Experts told lawmakers at a state Capitol that chronic wasting disease should be treated as a public health issue and said human cases are likely to be “documented in the years ahead.”
The disease, sometimes referred to as CWD, causes infected animals to stumble around, drool and get aggressive toward humans they once feared. It's been called "zombie deer" disease because once infected, the deer are known to lose weight and become listless, among other strange behaviors. It's been said that it's impossible for hunters to tell when a deer has CWD. The neurological illness affects white-tailed deer, mule deer, elk and moose.
The spookiest thing about it though, isn’t the animals' resemblance to zombies -- it’s the fact that it’s an incurable prion disease, the website Popular Science said in a recent report. That means it's progressive and neurodegenerative.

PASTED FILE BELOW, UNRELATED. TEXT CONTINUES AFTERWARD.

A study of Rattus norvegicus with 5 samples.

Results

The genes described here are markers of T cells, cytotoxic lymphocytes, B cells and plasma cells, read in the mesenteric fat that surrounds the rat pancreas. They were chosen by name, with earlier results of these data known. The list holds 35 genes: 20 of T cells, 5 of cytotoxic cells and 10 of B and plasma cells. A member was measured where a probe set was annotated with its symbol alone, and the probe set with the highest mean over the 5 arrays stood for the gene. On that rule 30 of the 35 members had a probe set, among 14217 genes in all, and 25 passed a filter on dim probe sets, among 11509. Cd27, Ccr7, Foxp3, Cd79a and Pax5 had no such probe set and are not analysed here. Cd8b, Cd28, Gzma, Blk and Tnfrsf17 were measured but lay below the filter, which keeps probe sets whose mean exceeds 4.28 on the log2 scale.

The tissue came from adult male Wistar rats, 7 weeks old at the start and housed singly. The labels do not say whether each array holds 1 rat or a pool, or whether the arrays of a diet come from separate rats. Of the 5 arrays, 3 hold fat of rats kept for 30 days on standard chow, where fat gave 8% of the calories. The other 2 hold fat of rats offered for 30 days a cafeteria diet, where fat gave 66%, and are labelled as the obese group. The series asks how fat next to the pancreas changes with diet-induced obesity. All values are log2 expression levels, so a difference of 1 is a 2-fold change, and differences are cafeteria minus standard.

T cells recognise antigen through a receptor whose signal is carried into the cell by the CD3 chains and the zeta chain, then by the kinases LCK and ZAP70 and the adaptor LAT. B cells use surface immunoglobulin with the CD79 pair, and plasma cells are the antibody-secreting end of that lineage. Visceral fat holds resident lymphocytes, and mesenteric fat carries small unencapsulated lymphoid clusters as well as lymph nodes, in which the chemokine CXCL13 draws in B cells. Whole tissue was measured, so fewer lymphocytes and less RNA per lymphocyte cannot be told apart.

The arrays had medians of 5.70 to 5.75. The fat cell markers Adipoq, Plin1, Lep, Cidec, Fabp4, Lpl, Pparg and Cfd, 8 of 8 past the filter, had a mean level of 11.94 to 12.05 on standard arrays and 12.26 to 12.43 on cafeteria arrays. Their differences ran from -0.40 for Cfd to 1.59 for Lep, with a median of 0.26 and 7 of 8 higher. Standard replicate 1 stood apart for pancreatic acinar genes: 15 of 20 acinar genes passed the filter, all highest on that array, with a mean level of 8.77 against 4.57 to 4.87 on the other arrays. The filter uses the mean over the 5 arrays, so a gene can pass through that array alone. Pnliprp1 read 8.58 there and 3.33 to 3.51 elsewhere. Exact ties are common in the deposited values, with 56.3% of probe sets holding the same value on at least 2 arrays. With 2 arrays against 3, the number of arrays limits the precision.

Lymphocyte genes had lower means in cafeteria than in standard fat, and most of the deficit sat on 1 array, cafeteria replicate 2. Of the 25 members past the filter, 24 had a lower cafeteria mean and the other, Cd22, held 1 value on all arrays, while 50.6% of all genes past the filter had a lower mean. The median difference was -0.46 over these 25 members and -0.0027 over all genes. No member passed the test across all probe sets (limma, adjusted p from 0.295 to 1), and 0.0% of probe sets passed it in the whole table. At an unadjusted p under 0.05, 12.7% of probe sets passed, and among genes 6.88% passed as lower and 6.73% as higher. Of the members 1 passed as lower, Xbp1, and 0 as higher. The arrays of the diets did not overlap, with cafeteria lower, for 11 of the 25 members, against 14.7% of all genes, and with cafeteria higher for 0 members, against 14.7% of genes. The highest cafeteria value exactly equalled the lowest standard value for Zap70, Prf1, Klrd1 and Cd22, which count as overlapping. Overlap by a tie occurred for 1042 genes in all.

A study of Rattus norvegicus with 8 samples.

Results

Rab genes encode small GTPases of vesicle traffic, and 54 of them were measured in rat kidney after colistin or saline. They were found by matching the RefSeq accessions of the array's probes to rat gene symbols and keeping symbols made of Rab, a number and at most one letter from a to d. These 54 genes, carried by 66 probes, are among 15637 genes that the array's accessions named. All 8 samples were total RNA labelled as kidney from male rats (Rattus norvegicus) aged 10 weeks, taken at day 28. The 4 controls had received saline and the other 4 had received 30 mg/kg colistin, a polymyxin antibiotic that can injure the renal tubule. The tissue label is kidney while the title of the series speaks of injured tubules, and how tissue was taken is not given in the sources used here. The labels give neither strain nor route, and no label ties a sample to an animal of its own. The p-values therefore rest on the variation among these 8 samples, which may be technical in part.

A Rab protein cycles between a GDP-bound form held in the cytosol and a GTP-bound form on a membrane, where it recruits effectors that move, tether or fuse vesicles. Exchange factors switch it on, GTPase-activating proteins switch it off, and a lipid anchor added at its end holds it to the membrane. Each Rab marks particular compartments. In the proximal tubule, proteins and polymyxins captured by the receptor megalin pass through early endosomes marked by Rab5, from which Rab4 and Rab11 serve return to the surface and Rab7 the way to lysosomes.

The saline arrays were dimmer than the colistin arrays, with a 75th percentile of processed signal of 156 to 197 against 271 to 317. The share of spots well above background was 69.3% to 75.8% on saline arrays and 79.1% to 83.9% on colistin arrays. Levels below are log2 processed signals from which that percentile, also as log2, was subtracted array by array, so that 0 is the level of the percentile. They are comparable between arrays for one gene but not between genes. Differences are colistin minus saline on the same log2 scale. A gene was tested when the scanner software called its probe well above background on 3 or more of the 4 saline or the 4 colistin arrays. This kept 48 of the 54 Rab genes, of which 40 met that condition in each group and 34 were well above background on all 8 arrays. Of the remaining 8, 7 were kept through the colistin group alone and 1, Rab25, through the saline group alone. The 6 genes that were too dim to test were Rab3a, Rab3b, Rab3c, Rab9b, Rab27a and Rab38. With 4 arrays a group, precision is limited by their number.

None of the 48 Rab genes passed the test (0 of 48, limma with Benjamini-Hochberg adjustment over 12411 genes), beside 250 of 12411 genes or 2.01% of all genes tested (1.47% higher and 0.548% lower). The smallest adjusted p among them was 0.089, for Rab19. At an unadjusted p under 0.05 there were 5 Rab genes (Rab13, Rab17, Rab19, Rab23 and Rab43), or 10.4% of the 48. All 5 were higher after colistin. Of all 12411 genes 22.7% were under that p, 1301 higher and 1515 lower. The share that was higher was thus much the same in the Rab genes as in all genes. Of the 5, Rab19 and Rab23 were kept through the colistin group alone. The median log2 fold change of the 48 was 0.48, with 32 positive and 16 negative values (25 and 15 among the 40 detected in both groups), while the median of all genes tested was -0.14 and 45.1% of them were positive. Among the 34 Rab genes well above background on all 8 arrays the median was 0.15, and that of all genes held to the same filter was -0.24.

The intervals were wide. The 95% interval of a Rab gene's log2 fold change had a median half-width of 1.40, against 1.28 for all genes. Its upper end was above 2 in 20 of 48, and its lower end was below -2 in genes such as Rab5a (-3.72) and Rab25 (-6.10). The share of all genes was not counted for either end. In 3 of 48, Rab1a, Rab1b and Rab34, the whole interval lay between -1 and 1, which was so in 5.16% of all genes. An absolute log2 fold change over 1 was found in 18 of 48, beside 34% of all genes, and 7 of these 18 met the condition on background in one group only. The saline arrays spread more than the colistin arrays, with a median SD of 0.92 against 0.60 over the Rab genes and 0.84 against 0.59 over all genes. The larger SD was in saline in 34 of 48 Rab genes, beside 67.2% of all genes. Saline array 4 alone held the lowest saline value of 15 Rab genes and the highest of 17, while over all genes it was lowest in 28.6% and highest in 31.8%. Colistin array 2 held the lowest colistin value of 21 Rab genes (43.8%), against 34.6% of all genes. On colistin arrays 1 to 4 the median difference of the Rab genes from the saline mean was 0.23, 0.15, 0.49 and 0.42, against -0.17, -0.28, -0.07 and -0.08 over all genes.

The human link
To be clear, there haven't been any reported cases of chronic wasting disease in humans, said Michael Osterholm, the director of the Center for Infectious Disease Research and Policy at the University of Minnesota.
Still, Osterholm said, it's something to be cautious about, moving forward. Scientists don't want the disease to spread to or affect people, he said at the Minnesota state Capitol last week.
"It is probable that human cases of chronic wasting disease associated with consumption (of) contaminated meat will be documented in the years ahead," said Osterholm in comments published by USA Today. "It’s possible the number of human cases will be substantial and will not be isolated events."
CWD is deadly and has affected the deer population in at least 24 states and two Canadian provinces (scroll to the bottom for a full list).